The Japanese company Toyota manufactures the Highlander, a mid-size SUV. The Highlander drives similar to a car, but with the cargo capacity and look of an SUV. As of 2010, Toyota has experienced a number of mechanical and electrical problems with its vehicles, which the company is working to repair. The Toyota Highlander's electrical problems go back several years.
GPS System Problems
Owners of the 2004 Highlander report several electrical problems arising from the GPS system being linked with other components. Problems such as heaters blowing cold air, signal lights malfunctioning or failing and non-functioning clocks and radios were all tied to problems with the GPS system. Often, the GPS system is no longer under warranty for the 2004.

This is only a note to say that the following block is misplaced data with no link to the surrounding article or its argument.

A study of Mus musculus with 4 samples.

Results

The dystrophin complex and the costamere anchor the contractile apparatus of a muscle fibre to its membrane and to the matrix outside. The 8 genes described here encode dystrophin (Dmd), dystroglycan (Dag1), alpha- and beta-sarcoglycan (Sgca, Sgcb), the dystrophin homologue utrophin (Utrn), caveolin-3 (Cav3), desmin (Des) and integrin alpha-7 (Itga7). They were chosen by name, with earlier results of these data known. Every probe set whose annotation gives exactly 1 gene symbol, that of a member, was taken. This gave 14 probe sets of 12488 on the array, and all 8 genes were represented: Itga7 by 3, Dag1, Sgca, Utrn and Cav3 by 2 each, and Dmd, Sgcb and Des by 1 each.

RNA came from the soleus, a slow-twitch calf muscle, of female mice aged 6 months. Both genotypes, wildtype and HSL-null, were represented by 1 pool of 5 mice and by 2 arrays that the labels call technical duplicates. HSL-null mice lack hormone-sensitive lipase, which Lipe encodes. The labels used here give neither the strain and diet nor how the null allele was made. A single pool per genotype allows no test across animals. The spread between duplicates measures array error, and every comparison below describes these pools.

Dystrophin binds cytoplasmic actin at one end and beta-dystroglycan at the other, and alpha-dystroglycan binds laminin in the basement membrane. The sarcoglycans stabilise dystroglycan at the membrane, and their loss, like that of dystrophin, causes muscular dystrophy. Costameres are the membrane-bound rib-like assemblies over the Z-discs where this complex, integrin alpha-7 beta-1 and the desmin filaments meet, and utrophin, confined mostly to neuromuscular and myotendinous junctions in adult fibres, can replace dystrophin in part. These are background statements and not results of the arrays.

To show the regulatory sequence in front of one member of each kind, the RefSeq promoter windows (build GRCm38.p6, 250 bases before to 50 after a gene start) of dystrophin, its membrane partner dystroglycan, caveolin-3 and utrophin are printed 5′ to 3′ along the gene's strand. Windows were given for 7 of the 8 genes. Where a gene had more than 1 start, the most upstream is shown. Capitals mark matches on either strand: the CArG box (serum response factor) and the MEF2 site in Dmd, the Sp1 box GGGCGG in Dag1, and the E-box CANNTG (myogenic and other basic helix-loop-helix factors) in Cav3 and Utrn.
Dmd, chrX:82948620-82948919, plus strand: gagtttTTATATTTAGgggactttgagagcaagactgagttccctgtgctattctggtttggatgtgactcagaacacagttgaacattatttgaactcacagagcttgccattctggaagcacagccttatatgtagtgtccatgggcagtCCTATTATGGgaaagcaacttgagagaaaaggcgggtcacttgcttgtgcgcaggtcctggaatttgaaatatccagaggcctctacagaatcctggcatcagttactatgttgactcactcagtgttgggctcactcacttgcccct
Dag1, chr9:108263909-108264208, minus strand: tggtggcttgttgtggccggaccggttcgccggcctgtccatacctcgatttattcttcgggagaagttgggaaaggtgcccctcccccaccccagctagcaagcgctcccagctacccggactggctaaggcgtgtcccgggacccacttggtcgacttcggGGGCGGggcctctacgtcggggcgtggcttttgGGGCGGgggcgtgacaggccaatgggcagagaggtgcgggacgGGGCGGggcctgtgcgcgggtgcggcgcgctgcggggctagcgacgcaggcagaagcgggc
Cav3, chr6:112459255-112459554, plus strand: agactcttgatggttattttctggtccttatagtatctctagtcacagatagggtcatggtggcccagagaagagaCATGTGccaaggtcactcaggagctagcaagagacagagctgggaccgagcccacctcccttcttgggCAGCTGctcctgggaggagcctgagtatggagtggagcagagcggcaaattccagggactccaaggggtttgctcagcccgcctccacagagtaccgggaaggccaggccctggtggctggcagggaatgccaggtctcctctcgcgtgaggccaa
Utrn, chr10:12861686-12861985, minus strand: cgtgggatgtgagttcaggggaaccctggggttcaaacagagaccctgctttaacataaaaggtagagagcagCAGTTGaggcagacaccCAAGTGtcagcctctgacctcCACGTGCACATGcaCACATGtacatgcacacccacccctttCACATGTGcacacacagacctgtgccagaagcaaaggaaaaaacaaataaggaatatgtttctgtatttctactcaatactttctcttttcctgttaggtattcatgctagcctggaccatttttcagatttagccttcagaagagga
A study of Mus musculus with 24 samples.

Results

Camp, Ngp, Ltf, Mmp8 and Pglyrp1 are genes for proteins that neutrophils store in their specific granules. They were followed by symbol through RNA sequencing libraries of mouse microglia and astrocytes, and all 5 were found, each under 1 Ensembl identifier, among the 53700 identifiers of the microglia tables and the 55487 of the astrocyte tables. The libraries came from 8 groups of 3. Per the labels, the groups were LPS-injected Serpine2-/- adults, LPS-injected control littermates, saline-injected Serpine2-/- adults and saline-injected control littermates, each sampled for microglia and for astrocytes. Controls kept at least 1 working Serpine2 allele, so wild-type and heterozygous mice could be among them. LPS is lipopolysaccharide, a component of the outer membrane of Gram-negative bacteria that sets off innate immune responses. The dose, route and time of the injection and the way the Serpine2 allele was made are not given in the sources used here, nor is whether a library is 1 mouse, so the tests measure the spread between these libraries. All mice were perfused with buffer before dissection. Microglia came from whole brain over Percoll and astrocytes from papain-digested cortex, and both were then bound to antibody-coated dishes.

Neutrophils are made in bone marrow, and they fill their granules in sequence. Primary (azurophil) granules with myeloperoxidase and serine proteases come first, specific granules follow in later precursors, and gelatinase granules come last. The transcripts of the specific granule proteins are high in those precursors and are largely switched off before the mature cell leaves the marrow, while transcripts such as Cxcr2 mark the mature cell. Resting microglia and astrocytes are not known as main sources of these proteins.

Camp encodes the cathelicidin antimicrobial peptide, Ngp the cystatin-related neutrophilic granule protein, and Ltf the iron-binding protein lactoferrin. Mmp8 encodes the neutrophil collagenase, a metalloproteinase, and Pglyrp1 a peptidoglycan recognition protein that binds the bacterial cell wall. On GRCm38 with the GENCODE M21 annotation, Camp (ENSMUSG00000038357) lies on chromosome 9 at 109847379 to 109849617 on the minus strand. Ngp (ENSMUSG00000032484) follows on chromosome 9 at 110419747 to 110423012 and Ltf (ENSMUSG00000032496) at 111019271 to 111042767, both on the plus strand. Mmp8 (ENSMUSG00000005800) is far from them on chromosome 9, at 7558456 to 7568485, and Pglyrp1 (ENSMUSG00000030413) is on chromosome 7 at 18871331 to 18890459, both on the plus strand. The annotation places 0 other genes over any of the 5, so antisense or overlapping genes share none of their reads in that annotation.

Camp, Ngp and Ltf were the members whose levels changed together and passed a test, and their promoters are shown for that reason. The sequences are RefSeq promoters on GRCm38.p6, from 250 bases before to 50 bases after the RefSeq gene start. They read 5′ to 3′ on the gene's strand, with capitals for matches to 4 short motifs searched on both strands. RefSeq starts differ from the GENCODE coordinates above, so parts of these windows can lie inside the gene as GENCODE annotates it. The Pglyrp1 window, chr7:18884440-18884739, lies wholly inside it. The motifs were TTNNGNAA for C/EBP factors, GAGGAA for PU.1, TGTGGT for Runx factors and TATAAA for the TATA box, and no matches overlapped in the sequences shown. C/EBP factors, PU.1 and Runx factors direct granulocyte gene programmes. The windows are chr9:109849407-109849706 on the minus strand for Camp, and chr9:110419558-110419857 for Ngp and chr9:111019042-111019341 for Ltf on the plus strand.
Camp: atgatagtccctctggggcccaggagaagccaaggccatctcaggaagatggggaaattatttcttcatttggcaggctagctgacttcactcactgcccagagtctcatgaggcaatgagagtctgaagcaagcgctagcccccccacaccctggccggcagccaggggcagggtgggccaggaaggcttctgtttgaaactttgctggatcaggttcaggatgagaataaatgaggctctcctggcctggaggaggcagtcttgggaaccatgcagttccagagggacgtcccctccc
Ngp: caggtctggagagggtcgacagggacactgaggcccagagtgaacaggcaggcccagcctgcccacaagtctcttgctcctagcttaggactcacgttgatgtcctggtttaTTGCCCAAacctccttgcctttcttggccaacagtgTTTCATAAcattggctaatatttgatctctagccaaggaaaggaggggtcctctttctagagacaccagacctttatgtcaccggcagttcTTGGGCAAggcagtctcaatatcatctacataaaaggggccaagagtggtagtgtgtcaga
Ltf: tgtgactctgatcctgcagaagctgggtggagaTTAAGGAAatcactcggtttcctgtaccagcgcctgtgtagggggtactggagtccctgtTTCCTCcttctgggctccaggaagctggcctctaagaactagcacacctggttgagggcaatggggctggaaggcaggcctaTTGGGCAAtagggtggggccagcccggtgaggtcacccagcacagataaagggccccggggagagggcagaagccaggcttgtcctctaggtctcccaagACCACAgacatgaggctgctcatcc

Toyota has recalled a number of vehicles because of accelerators becoming stuck, and any Highlander owner must check with Toyota to see if his accelerator needs to be repaired. The Highlander also has a problem with transmission hesitation when the accelerator is pressed. This is sometimes resolved by having the vehicle's software diagnosed and reset.
Sensor problems in the Highlander's computer have caused the vehicle's stability control system to malfunction. Sensors have also been reported to turn on all the warning lights for no reason or turn on and off intermittently. The sensor requires recalibration by a trained mechanic.
Several owners report their Highlanders' engines shutting off when the vehicle reached speeds above 55 mph. The engine stalls, leaving the driver coasting. Mechanics found this to be caused by an electrical problem draining the battery. The Hybrid Highlander experiences a similar problem in which all warning lights come on before the hybrid system completely shuts down because of an electrical problem.